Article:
Comer, McClain Open Probe into FDA’s Response to National Drug Shortage

The FDA is failing to ensure vitally important pharmaceuticals remain on pharmacy shelves.”

WASHINGTON—House Committee on Oversight and Accountability Chairman James Comer (R-Ky.) and Subcommittee on Health Care and Financial Services Chairwoman Lisa McClain (R-Mich.) today are calling on the U.S. Food and Drug Administration (FDA) to provide information to understand the FDA’s response to a growing number of critical drug shortages delaying and prohibiting American patients from receiving lifesaving medical care. In a letter to FDA Commissioner Dr. Robert Califf, the lawmakers request documents and a staff-level briefing to understand the FDA’s role in monitoring and preventing drug shortages.

“At the time of this letter, the FDA lists 128 drugs currently in shortage on its drug shortage database. Current shortages include important drugs commonly used to treat infections, respiratory illnesses, heart failure, psychiatric conditions, and cancer, and include drugs such as amoxicillin, penicillin, albuterol, Adderall, and cisplatin/carboplatin. Earlier this year, there was a shortage of children’s acetaminophen and ibuprofen. The cancer drug shortage has gotten so severe that the FDA temporary authorized the importation of drugs produced by non-FDA approved Chinese manufacturers. The FDA is failing to ensure vitally important pharmaceuticals remain on pharmacy shelves,” the lawmakers wrote.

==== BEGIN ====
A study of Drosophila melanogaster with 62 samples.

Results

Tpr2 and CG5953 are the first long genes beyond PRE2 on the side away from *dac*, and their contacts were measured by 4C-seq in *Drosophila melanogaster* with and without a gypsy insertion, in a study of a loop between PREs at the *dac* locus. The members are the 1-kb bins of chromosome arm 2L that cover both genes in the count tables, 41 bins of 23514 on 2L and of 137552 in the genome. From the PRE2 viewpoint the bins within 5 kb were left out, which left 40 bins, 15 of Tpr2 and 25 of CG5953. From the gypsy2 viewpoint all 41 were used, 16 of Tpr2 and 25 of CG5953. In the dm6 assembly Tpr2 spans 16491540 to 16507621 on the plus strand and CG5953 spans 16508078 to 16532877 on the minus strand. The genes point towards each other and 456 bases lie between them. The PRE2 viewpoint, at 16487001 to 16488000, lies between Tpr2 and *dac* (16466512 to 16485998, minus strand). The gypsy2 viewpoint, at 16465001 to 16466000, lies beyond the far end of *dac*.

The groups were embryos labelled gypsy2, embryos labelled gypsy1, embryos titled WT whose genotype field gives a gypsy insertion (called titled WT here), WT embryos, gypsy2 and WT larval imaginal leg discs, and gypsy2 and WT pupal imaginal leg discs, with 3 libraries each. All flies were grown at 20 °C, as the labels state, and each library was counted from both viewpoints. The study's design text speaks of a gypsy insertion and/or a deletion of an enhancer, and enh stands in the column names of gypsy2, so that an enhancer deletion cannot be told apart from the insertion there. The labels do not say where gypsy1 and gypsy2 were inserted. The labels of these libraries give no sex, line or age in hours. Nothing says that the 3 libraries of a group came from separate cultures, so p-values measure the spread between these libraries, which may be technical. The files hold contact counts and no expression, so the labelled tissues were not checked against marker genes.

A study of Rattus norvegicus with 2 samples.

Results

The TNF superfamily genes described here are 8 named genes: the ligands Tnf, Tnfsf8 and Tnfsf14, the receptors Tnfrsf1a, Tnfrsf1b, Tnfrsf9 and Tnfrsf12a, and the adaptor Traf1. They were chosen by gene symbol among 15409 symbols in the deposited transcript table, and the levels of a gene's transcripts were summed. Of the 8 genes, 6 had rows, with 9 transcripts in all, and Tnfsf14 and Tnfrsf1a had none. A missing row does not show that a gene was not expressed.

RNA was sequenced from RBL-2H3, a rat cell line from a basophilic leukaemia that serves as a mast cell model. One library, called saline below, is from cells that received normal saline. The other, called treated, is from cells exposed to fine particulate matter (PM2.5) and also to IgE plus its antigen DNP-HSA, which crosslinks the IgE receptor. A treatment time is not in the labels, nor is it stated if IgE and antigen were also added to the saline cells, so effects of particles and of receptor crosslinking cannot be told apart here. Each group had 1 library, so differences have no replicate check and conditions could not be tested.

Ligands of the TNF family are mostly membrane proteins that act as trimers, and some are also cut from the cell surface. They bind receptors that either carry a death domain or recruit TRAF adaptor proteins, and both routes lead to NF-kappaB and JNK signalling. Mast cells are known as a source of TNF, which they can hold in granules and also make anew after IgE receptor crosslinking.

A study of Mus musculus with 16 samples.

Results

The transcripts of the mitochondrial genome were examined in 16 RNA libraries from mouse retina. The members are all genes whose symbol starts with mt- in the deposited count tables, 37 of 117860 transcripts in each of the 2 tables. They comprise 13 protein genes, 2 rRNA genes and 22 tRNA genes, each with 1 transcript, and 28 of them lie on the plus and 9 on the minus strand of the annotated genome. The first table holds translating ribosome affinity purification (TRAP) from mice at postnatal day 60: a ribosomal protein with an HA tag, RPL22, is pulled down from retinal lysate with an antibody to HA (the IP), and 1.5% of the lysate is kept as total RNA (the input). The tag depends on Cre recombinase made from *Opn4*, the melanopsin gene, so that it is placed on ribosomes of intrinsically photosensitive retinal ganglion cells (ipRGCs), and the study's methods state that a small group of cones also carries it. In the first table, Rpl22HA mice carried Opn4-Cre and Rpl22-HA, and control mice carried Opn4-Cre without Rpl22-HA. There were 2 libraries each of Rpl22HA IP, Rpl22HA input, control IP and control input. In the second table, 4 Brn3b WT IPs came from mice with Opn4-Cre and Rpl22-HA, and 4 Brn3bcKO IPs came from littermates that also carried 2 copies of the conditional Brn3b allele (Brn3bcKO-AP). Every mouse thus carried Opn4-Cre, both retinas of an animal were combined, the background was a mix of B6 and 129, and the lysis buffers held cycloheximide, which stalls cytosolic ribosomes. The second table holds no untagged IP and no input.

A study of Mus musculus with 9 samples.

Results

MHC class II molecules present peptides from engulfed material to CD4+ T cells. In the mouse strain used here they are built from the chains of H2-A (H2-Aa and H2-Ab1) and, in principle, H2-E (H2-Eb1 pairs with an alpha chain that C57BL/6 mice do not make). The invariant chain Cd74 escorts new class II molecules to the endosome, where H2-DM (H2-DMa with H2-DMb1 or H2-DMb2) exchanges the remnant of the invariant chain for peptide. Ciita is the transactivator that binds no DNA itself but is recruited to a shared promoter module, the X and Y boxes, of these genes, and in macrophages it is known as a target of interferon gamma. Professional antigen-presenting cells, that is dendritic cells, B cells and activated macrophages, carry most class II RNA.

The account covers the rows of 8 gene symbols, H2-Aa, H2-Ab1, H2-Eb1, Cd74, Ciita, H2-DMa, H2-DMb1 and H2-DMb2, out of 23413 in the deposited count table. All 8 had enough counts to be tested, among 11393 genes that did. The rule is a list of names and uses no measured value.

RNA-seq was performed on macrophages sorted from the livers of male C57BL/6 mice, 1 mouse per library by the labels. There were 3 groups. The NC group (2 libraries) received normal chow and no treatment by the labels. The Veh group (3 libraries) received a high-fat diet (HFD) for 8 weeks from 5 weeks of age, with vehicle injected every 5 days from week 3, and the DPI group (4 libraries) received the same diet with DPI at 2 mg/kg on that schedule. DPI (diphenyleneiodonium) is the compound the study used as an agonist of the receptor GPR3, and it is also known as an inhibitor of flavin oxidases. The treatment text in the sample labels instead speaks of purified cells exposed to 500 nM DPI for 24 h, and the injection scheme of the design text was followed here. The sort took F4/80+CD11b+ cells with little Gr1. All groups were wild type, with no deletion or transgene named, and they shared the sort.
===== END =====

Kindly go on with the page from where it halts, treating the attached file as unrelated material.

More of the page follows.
According to a July 2023 national survey, up to eight in ten hospitals and pharmacists are rationing drugs and delaying appointments as they battle a medicine shortage. The shortage of critical drugs pre-dates the COVID-19 pandemic and has been worsened by factors including an overreliance on manufacturing facilities located in foreign countries. Government price controls in Democrats’ Inflation Reduction (IRA) will further aggravate drug shortages by exacerbating supply chain insecurity and leading to less investment in new cures in the long-term.

“The FDA’s problems with critical drug shortages far pre-date the COVID-19 pandemic. There are a variety of reasons for the current state of drug shortages apart from pandemic supply chain delays, including an over-reliance on offshore manufacturing facilities, surging demand for pharmaceuticals, and diminishing manufacturing of generics. […] Drug shortages will only be worsened by provisions in the Inflation Reduction Act (IRA) that mandate government price controls for prescription drugs. Price controls ultimately limit profitability for pharmaceutical companies to the detriment of investment in new therapies and treatments,” the lawmakers continued. “It is of vital importance that the FDA monitor and prevent future drug shortages to maintain Americans’ health and quality of life.

Read the letter to FDA commissioner Dr. Califf here.